Official figures show that 11,900 people were remanded in custody in 2010 who were later acquitted or not proceeded against. A further 17,500 of those held in jails before trial were given non-custodial sentences.
But Nick Hardwick, Chief Inspector of Prisons, said in a new report that remand prisoners are not receiving the treatment or help they deserve.
Many had to share cells with convicts, contrary to rules, and guards did not distinguish between them.
A quarter said they felt depressed or suicidal when they were put behind bars but few were aware of support services.
They had trouble accessing phones and information about bail and many expected to have lost jobs, housing or benefits when they were finally released.
Remand prisoners also struggled to get involved in work, education or training while inside, with 29 per cent of those surveyed saying they spent all but two hours a day shut in their cells.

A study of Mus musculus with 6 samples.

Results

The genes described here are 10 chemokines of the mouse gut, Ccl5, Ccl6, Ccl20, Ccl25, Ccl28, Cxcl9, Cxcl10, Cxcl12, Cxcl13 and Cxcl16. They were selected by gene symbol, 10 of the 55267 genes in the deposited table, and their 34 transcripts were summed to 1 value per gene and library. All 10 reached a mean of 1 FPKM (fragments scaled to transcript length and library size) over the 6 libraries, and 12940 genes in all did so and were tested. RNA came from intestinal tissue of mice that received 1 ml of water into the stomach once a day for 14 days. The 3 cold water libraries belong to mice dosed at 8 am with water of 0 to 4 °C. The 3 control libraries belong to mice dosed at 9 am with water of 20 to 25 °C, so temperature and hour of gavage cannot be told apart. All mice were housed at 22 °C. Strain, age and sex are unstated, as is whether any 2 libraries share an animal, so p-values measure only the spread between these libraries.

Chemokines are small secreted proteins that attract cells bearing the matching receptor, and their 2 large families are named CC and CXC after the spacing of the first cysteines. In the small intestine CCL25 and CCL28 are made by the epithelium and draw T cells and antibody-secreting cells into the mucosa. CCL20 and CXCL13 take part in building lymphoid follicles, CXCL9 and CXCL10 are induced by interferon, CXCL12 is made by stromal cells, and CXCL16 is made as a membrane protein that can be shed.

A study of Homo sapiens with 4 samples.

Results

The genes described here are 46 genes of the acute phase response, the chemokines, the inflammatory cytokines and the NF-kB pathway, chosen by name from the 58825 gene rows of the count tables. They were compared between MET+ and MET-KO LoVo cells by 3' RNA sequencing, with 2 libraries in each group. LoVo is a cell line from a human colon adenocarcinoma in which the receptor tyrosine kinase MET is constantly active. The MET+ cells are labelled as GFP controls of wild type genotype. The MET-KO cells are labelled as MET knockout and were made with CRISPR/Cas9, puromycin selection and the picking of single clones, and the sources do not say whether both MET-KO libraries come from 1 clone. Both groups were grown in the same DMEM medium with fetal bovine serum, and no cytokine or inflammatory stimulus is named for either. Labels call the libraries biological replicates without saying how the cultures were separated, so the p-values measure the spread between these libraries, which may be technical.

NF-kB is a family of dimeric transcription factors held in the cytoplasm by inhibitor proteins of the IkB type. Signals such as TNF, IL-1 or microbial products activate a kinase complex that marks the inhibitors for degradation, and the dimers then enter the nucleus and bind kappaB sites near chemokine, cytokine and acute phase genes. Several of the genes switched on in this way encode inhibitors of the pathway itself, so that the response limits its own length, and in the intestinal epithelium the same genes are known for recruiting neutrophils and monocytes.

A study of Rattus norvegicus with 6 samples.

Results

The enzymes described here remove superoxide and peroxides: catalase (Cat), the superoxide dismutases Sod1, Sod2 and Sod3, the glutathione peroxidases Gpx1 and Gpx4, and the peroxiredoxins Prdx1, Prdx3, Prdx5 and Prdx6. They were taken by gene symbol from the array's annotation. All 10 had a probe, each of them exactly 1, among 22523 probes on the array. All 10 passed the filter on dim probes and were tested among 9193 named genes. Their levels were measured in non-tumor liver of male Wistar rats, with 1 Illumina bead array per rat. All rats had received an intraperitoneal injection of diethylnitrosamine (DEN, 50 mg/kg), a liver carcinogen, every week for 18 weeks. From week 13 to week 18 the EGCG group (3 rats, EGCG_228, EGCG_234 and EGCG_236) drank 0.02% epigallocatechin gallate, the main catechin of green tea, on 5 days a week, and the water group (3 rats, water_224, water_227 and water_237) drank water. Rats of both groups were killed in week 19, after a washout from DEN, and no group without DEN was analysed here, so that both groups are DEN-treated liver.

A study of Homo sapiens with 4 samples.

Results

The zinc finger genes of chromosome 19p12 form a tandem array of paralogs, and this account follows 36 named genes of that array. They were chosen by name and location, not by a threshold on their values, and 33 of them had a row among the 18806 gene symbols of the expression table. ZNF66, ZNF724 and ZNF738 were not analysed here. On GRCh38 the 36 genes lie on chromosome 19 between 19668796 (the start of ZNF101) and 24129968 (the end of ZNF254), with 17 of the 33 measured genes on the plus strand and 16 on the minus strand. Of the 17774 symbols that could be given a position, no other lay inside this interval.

Mr Hardwick concluded that there should be a "comprehensive review" of remand strategies while their rights should be clarified to make sure they meet legal standards.
He said those awaiting trial should be held on separate wings to convicted criminals and prisons should have managers to ensure they receive the treatment they deserve.
Mr Hardwick said: "Despite a long-established principle that remand prisoners - who have not been convicted or sentenced by a court - have rights and entitlements not available to sentenced prisoners, we found that many had a poorer regime, less support and less preparation for release.
"This is not just a question of addressing injustice in the treatment of individuals, but ensuring that costly prison places are not used unnecessarily and that everyone is given the chance to leave prison less likely to commit offences than when they arrived."